Although emergencies are unlikely, it’s important to think ahead. When you’re in an emergency situation, your fight, flight or freeze response-mode will be activated. This could impact your ability to make fast decisions or think clearly when you’re dealing with accident ramifications. Ensuring you have a plan in place means you know how to respond and don’t waste essential time. Here are some steps you can take to stay safe and handle the situation.
Stay calm: If your braking system is failing or you’ve had a car accident, try to steady your mind. Panicking will only make the situation worse. Take a deep breath and think through your actions. If you are dealing with faulty brakes, engage ABS by pumping repetitively on the brake pedals. You will hear a shuddering sound that signifies that ABS is working. If you’ve had an accident, ensure you’re physically okay before attending to your mental well-being; focus on your breathing and count your breaths if possible.
Pull over: If possible, pull your vehicle over to the side of the road and turn on your emergency headlights. This will make your vehicle more visible to other drivers and can help prevent a secondary accident. Pay attention to emergency stopping lanes to ensure you are stopped safely and legally.
Assess the situation: Determine the nature of the emergency and whether it is safe to stay in the vehicle or if you need to evacuate. If there is smoke or fire, or if you smell gasoline, get out of the vehicle immediately. Keep a small fire extinguisher or emergency fire blanket in your car in case of exposed flames once you exit the vehicle.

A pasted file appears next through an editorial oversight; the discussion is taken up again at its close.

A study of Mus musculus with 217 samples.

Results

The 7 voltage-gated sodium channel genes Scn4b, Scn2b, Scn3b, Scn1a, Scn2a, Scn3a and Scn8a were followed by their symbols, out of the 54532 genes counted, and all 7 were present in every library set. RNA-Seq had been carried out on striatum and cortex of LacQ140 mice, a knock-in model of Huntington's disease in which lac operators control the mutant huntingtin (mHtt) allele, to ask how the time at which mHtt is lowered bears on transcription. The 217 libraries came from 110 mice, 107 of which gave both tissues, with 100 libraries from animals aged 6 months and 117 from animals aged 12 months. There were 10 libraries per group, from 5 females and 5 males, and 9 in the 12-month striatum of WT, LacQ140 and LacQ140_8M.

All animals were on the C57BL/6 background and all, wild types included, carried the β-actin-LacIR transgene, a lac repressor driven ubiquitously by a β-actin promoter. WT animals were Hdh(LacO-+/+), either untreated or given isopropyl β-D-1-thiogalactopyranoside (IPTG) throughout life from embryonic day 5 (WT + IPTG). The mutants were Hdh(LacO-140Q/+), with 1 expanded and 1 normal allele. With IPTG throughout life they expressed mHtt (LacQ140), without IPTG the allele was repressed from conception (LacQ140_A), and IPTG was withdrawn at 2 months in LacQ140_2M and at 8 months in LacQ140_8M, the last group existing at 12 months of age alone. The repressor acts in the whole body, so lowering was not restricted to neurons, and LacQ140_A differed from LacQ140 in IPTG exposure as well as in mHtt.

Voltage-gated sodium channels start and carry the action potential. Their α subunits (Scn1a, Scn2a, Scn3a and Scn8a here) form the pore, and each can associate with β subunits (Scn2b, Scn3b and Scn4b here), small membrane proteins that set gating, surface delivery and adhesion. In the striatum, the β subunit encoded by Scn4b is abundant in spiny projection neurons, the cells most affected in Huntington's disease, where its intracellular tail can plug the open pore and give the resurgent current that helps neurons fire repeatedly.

Call for help: If you are able to do so safely, call 000. Ensure that when waiting for emergency services you position yourself a safe distance from your vehicle, and give detailed information on where your car is located. Call the RACQ immediately on 13 11 11. If you require non-emergency police help, call Policelink on 131 444.
Use your emergency kit: Pack a kit of emergency items to store in your car. This may include items such as a flashlight, first aid kit, blankets/towels, spare tyre, jump leads, water, small fire extinguisher and even a spare key compartment.
Wait for help: Stay in your vehicle with your seatbelt fastened and the windows partially open, unless there is smoke or fire. Wait for emergency personnel to arrive and follow their instructions. Some handy numbers to save in your phone are: Nationwide Towing & Transport – 1300 468 931 and Brisbane City Towing – 0407 164 733.
Follow procedures if other vehicles are involved: If the accident occurs between your vehicle and another, check first that the other driver is safe and unharmed. Document the license plate number of other vehicles involved, and get contact information of any witnesses. If the other driver is injured and you have first aid training, attend to them immediately. Otherwise, call 000 and wait by the driver, ensuring to check for responsiveness and other injuries you can inform the paramedics of. Be particularly wary head injuries; do not try to lift the driver’s head as you could further damage their neck/spine. For motorcyclists, it’s integral not to try and remove their helmet for the same reason.
Sometimes when we’re so accustomed to driving everywhere, we overlook the unsafe habits we may have picked up along the way in order to get somewhere quicker, multitask or entertain distractions. At the end of the day, getting somewhere 10 minutes later than you were meant to or messaging your mum back when you’ve safely parked your car is worth eliminating the risk of road accidents. Remember, you’re not just taking safety precautions for yourself, but for the other drivers on the road and the passengers in your car.
If you’re on your phone or get distracted by something in the car, you’re compromising your reaction times to the actions of other road users.
So let’s commit to being safer drivers together and lock your phone, lock your eyes on the road.